TUCSON â As Pima Animal Care Center is saving a record number of animals, some people wonder if it is a threat to public safety.
Marilyn Worth was walking her dog, Mia, when it was attacked by a PACC foster. She had to put Mia down.
âI really do want PACC to reconsider how they evaluate dogs just for safety,â Worth said.
Alma Esparza adopted a dog named Kinks from PACC.
âOur dog, Lola, he would snap at her,â Esparza said. âHe wouldn’t make a sound or nothing. He would just snap at her. And twice my granddaughter had to get out of the way.â
Esparza decided to take Kinks back to PACC.
âHe has been in and out of the shelter a few times due to him showing aggression towards other people in the home and towards resident dogs,â according to the page. âUnfortunately Kinks is becoming more and more reactive in the shelter and is not able to be safely handled without equipment (drag lines, covers, etc).”
Esparza said she was not warned about Kinksâ behavior history.
âThey don’t need to be releasing these kind of dogs out to the public,â Esparza said.
The News Four Tucson Investigators received a tip about a dog named Bucca and sent a public records request. Bucca was sent out to 5 different homes, despiteÂ notes about aggression toward people and other animals.
Buccaâs first home reported, âwhen went on walks did show aggression – barking, snarling, lunging at other dogs” and “very fearful of men – barks, growls, snapped and attempted to bite.”
A note on Buccaâs second home indicated, âhas gone after both dogs in the foster’s children’s homes does not do well with grandchildren – has bitten 4 of them.”
Kristen Auerbach is the Director of PACC.
âWe look at whether itâs just a minor bite, causing a minor puncture wound, or if it broke skin,â Auerbach said. âIf a bite didn’t break skin, it’s not legally considered a bite.â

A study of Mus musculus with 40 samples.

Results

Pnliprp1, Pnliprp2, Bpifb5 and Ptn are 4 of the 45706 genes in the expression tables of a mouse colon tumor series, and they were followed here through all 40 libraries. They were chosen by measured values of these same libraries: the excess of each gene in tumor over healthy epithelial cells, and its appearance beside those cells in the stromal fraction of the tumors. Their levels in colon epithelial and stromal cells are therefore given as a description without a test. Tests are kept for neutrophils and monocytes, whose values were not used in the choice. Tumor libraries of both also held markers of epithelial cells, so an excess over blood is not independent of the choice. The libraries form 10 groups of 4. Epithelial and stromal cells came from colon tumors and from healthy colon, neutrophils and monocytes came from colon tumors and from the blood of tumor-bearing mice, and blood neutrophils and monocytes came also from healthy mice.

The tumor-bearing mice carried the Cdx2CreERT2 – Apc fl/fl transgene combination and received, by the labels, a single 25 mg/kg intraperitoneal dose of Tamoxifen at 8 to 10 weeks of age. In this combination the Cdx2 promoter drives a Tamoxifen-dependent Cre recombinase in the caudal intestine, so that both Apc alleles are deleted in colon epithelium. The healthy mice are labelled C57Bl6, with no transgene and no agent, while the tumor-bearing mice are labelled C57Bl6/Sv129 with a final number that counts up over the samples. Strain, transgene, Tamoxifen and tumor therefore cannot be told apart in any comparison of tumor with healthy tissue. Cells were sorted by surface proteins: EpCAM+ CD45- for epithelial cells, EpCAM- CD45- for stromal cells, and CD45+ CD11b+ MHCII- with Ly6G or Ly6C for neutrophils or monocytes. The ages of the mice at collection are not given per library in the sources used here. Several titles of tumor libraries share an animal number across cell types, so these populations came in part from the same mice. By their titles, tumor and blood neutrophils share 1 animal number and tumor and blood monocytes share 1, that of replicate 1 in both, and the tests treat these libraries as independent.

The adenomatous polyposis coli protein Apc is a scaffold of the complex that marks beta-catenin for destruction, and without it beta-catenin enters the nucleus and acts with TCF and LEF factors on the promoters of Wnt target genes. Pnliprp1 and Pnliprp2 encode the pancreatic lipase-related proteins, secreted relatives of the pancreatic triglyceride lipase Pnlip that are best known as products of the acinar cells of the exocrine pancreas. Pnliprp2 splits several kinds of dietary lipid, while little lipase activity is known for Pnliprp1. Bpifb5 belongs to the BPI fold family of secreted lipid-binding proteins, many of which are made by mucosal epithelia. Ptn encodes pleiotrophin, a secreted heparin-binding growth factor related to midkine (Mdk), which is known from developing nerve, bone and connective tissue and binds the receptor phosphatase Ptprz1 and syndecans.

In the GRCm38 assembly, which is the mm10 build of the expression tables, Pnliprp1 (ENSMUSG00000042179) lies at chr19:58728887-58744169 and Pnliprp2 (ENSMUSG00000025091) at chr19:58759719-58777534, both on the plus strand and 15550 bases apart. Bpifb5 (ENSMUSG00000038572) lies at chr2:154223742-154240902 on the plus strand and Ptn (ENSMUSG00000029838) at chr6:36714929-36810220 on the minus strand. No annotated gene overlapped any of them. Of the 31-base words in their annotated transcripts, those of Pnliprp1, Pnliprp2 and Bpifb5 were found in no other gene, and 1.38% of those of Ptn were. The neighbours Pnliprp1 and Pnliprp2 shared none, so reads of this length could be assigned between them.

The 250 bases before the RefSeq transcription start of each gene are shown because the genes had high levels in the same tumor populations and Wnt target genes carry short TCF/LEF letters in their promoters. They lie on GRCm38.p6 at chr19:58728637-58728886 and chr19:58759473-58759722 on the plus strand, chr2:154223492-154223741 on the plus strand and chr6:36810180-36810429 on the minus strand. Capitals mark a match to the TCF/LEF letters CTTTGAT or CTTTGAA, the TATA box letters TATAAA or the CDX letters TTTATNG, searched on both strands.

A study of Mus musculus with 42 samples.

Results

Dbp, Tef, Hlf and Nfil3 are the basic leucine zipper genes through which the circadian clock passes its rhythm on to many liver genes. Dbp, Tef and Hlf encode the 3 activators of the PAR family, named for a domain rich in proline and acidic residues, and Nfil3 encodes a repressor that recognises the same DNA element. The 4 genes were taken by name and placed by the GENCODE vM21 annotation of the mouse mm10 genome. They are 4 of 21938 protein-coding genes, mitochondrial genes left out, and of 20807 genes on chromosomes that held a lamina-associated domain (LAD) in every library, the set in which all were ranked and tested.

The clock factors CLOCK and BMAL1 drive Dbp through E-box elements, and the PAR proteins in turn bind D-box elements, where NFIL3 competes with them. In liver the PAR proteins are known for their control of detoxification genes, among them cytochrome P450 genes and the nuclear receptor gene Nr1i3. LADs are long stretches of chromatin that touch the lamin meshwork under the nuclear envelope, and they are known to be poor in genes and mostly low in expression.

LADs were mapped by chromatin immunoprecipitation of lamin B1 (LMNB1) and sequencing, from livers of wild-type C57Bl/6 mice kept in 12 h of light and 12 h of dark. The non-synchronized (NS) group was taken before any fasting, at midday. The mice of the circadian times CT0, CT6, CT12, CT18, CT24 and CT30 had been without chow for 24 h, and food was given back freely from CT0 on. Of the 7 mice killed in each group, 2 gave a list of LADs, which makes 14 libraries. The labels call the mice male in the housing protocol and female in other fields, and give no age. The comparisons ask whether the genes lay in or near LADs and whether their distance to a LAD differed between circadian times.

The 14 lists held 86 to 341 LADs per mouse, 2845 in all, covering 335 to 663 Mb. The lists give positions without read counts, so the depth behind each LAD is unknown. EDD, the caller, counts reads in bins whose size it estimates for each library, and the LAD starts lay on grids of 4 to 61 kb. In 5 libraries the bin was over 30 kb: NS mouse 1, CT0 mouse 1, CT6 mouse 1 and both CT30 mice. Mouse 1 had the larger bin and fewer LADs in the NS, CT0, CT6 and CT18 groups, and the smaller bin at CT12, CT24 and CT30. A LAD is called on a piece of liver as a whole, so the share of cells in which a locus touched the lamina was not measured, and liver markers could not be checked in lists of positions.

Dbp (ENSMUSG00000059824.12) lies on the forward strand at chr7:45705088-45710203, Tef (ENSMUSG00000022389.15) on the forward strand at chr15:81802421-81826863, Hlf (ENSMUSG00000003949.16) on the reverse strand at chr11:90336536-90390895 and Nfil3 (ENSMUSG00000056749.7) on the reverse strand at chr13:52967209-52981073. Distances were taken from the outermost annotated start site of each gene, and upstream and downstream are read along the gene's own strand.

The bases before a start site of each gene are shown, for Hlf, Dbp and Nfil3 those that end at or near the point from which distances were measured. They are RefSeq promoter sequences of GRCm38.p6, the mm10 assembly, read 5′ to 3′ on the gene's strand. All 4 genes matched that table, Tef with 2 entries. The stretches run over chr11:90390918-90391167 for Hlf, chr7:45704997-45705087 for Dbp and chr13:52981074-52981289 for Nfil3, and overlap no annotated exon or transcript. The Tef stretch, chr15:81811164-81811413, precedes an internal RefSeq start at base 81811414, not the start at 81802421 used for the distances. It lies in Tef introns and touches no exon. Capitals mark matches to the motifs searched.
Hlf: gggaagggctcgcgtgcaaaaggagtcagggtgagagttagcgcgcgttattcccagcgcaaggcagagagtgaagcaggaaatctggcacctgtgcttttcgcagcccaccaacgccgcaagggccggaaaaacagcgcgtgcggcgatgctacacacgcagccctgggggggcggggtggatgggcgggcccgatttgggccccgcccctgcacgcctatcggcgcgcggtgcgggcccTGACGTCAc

Bucca returned from her 4th home on April 3. The next note was 9 days later, which said, âNo clinical sign of rabies, ok to release from quarantine per vet.”
The News 4 Tucson Investigators sent an email asking Auerbach to clarify Buccaâs history. The email included the questions, âWhy was Bucca surrendered on April 3?” and âWhy was she in quarantine and monitored for rabies?” Auerbach replied that day and agreed to an interview about 4 business days later.
When asked why Bucca was returned on April 3, Auerbach said, âI don’t know what you are referring to. We deal with 10,000 dogs here.â
It is still not clear why Bucca was put in rabies quarantine.
Auerbach said PACC has drastically reduced the number of animals euthanized over the past 6 years.
âWe euthanized any animal, whether it was for space or it looked at us the wrong way in the kennel,â Auerbach said, âor didn’t come to the front of the kennel. And times have changed.â
Auerbach said PACC has a team of specialists that evaluates dogs.
âSometimes we only have to euthanize 5 a month for behavioral reasons or for a history of aggression,â Auerbach said, âand sometimes it’s 5 a week. It really just depends.â
Auerbach said giving animals more opportunities is progress.
âSome people want to help those animals,â Auerbach said, âand we give them a chance.â
Pima County spokesman Mark Evans said Bucca, Kinks and the dog that killed Marilyn Worthâs dog all had positive outcomes. They are living in loving homes without incident.